In a world where nearly 800 million people a year go hungry, what can one person do to prevent food from going to waste? Plenty.



The arugula tripped me up.

Like most of us, I try to be mindful of food that goes to waste. The arugula was to make a nice green salad, rounding out a roast chicken dinner. But I ended up working late. Then my husband did. Then friends called with an impromptu dinner invitation. I stuck the chicken in the freezer. But as days passed, the arugula turned to green goop. Even worse, I had unthinkingly bought way too much; I could have made six salads with what I threw out.

In a world where nearly 800 million people a year go hungry, “food waste goes against the moral grain,” as Elizabeth Royte writes in this month’s cover story. It’s jaw-dropping how much perfectly good food is trashed—from produce left to rot in the fields to “ugly” (but quite edible) vegetables rejected by grocers to massive amounts of uneaten, too big portions scraped into restaurant garbage bins.

Producing food that no one eats squanders the water, fuel, and other resources used to grow it. That makes food waste an environmental issue. In fact, Royte writes, “if food waste were a country, it would be the third largest producer of greenhouse gases in the world, after China and the U.S.”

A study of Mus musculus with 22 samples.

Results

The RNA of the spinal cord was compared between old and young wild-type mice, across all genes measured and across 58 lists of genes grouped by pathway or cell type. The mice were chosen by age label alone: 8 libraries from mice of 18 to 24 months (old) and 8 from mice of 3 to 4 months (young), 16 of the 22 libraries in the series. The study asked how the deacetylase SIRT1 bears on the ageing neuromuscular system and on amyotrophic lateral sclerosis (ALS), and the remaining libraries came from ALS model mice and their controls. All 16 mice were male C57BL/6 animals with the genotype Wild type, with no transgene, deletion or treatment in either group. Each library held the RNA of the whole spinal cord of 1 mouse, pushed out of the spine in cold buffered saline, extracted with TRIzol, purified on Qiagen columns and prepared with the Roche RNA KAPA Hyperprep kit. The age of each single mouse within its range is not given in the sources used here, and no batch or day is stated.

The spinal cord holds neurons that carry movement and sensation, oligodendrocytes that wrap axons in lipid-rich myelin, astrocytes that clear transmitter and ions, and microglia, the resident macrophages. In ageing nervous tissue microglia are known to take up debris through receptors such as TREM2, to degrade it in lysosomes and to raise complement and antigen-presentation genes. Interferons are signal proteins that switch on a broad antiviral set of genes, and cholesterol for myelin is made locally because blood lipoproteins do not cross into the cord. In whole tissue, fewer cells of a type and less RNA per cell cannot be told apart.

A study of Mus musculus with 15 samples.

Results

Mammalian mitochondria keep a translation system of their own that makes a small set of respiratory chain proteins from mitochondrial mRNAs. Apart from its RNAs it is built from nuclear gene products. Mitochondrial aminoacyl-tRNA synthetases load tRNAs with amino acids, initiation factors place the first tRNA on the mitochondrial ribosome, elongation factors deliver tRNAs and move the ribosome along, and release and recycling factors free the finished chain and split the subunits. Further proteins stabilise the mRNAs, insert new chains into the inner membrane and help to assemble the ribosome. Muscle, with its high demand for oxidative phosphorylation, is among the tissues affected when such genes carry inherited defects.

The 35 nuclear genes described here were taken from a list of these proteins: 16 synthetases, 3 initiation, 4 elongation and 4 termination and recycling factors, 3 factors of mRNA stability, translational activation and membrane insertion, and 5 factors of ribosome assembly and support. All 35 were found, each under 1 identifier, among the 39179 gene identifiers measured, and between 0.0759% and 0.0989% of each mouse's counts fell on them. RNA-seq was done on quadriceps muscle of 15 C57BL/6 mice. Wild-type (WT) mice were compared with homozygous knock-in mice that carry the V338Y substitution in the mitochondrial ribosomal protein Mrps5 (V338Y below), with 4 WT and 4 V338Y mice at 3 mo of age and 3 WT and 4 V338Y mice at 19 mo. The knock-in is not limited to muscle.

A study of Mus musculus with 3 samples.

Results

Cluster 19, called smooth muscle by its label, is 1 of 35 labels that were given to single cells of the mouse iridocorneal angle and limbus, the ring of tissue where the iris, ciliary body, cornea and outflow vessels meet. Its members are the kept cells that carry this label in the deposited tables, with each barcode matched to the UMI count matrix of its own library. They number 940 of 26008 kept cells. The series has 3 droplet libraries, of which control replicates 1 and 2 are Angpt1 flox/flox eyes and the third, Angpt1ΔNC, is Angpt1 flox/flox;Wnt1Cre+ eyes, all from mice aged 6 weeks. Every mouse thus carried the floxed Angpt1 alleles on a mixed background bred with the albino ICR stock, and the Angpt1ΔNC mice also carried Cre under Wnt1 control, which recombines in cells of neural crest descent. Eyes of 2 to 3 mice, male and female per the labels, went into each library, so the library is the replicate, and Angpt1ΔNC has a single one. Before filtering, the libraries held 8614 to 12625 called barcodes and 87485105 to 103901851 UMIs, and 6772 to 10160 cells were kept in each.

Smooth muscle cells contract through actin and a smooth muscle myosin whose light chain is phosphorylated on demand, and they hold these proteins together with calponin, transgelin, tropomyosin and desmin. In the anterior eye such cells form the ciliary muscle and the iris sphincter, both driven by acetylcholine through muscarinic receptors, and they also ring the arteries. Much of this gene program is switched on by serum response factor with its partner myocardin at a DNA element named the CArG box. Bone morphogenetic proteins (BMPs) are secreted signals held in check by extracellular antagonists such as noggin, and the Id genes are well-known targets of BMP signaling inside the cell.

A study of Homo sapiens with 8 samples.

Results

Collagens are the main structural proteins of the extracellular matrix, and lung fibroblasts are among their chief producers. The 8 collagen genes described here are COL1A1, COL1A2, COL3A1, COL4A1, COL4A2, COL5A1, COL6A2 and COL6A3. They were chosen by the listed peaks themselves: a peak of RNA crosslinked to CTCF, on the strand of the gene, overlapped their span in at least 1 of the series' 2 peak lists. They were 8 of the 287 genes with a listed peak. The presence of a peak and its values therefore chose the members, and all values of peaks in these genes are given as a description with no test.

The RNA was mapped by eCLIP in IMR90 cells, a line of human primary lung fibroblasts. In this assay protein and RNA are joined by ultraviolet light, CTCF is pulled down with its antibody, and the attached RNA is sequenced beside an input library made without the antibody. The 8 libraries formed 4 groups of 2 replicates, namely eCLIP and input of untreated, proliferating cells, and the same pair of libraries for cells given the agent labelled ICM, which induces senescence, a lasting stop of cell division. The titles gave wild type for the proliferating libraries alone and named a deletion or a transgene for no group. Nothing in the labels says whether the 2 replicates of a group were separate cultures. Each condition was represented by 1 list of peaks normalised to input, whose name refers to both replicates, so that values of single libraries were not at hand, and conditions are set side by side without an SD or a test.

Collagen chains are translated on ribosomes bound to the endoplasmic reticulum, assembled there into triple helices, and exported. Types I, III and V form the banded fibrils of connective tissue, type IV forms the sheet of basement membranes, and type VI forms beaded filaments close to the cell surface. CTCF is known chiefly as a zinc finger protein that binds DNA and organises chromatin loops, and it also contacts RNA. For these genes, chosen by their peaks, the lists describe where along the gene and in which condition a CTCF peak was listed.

That’s hard to get your mind around. So let’s keep it as simple as that green goop at the back of my refrigerator. 

Mike Curtin, Jr., sees my arugula story all the time—but for him, it’s more like 12 pallets of donated strawberries nearing their last days. Curtin is CEO of DC Central Kitchen in Washington, D.C., which each week recovers about 15,000 pounds of food and turns it into healthy meals. DCCK finds this bounty everywhere. In fiscal year 2014 it recovered more than 807,500 pounds of food by taking donations, collecting misshapen and blemished produce, and gleaning at local farms where food otherwise would have rotted in fields. And the strawberries? Volunteers will wash, cut, and freeze or dehydrate them for use in meals down the road.

Such solutions seem obvious, yet so often we just don’t think. “Everyone can play a part in reducing waste,” Curtin says, “whether by not purchasing more food than necessary in your weekly shopping or by asking restaurants to not include the side [dish] you won’t eat.” I certainly can take both of those actions, can’t you? 

Thank you for reading National Geographic.